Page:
Coronavirus

St Vincent de Paul warns Covid-19 could impact on services

With the suspension of Masses, St Vincent de Paul has lost a key revenue source. Picture by Margaret McLaughlin
Seamus McKinney

ST VINCENT de Paul has expressed concern that the coronavirus pandemic could impact on its ability to support those in need.

Not only has the charity been forced to close its fundraising shops, but, with the suspension of daily and weekly Masses, it is also losing its traditional church gate collections.

Key anti-poverty and homeless charities are preparing for a surge in demand in the coming weeks as more and more people find themselves out of work due to the coronavirus pandemic.

St Vincent de Paul (SVP), the Salvation Army and Extern homeless charities are all appealing for volunteers to cope with the anticipated rise in demand.

Both SVP and the Salvation Army told the Irish News that while their key fund-raising period for the year was just around Christmas, they were preparing for the surge.

Regional SVP president, Frankie McClure said the charity was closely monitoring the situation and was taking all steps necessary to ensure the safety and wellbeing of the people it helps and its own staff and volunteers.

SVP is the largest voluntary charitable organisation in Ireland and spends almost £3m annually in Northern Ireland.

Mr McClure said: “Our volunteer resource will undoubtedly be impacted due to following government advice and this will have a knock-on effect on our ability to support those in need.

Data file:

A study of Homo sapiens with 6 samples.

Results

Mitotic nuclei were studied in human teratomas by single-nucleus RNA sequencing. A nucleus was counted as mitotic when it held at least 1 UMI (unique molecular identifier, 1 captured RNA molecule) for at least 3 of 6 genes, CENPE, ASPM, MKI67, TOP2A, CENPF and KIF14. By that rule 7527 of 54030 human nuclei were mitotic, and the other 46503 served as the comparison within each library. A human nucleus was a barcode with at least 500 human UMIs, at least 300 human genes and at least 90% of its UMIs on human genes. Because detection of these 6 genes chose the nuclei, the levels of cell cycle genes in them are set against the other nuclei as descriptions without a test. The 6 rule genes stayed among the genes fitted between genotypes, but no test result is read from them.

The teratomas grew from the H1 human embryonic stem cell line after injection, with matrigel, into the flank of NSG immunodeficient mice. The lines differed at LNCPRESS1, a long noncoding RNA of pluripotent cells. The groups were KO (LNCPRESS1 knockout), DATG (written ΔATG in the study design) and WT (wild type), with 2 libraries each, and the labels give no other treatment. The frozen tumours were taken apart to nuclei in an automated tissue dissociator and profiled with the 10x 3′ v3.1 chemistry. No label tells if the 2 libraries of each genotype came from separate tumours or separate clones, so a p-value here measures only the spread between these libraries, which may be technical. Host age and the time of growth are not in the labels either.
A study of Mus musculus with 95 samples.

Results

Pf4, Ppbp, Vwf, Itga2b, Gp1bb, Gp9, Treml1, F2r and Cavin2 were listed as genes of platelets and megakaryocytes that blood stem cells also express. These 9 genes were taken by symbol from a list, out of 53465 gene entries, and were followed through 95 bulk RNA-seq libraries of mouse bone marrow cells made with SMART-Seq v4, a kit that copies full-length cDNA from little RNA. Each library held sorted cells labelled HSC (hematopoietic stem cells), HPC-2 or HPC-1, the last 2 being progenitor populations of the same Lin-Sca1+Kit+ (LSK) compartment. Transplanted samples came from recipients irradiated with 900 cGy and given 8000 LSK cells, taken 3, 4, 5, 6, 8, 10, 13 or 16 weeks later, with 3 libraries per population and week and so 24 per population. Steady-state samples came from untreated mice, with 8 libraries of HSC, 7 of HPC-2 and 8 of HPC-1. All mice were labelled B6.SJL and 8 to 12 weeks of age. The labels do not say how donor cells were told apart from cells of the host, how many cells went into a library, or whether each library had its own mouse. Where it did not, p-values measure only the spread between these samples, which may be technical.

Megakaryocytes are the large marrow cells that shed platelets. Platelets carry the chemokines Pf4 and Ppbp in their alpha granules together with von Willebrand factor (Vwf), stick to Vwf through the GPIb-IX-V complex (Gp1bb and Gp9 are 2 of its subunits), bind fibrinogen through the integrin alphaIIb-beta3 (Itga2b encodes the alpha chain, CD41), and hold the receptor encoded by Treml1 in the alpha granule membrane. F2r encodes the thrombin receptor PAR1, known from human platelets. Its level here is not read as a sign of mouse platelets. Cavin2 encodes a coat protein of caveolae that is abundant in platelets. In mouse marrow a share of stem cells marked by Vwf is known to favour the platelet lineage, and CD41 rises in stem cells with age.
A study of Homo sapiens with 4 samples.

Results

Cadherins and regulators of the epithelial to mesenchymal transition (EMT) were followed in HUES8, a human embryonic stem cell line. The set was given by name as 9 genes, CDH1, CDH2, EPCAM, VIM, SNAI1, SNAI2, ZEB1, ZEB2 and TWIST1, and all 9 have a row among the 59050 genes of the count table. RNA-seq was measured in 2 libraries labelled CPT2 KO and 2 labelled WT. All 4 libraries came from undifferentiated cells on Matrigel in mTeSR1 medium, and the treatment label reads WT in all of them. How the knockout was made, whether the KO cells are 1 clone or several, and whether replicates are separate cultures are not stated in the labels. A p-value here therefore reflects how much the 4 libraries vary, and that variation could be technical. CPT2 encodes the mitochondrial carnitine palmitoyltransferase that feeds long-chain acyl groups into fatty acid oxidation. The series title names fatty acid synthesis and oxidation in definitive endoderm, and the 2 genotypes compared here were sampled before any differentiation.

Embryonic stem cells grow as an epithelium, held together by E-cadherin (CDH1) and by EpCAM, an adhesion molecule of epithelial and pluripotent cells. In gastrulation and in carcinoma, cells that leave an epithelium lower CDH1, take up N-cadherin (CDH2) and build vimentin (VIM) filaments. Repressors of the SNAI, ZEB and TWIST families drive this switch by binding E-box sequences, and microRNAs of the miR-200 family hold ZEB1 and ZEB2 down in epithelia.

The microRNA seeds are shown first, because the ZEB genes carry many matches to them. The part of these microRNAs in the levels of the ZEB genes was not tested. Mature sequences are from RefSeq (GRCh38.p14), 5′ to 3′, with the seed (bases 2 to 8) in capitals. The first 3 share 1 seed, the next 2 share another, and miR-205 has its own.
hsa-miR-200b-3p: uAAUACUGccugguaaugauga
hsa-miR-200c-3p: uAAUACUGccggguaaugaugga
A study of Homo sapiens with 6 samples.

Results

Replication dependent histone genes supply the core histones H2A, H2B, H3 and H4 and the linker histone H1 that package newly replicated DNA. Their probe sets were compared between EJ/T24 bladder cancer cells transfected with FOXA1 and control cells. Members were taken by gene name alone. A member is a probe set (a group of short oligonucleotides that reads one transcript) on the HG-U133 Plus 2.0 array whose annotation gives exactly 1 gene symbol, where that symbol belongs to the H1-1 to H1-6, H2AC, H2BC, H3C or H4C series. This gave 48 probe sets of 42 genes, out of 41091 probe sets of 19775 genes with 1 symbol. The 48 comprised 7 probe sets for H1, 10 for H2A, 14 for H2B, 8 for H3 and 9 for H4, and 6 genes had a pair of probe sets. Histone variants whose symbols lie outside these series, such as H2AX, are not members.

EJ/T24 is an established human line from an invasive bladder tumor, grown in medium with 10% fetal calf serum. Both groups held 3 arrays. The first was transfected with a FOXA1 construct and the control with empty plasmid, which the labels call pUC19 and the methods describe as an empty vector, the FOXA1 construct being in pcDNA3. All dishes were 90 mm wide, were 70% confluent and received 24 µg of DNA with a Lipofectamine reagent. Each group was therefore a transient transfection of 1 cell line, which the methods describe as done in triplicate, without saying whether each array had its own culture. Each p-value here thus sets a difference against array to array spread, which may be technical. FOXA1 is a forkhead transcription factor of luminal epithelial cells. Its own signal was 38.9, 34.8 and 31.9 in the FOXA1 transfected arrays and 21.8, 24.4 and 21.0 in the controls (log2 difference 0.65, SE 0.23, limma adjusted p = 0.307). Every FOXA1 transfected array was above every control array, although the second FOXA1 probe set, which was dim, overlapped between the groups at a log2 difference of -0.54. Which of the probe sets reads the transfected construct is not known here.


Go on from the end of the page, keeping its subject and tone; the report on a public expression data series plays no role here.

“To date we have not seen a spike in requests for support but we would appeal to anyone who is interested in volunteering to visit our website and register their interest now, as we anticipate a surge in need from the wider community in the coming weeks and months.”

The SVP president said while church gate collections have stopped, the organisation had “prudent reserves” in place to continue its work at present. However, he said the charity might have to introduce a funding raising campaign in the near future as demand for support rose.

Head of the Salvation Army in Northern Ireland Major Paul Kingscott said the charity was in a similar situation. He said volunteers in some areas were reporting difficulty in accessing food supplies, an essential service supplied by the charity.

“We've experienced a slight increase in demand but we are anticipating that things will start getting harder. We are gearing up to work with the NHS and local authorities,” he said.

While the surge has yet to hit anti-poverty organisations, Extern has launched a hardship appeal. Chief Executive, Charlie Mack urged people to donate to Extern through its website (www.extern.org) or at justgiving.com.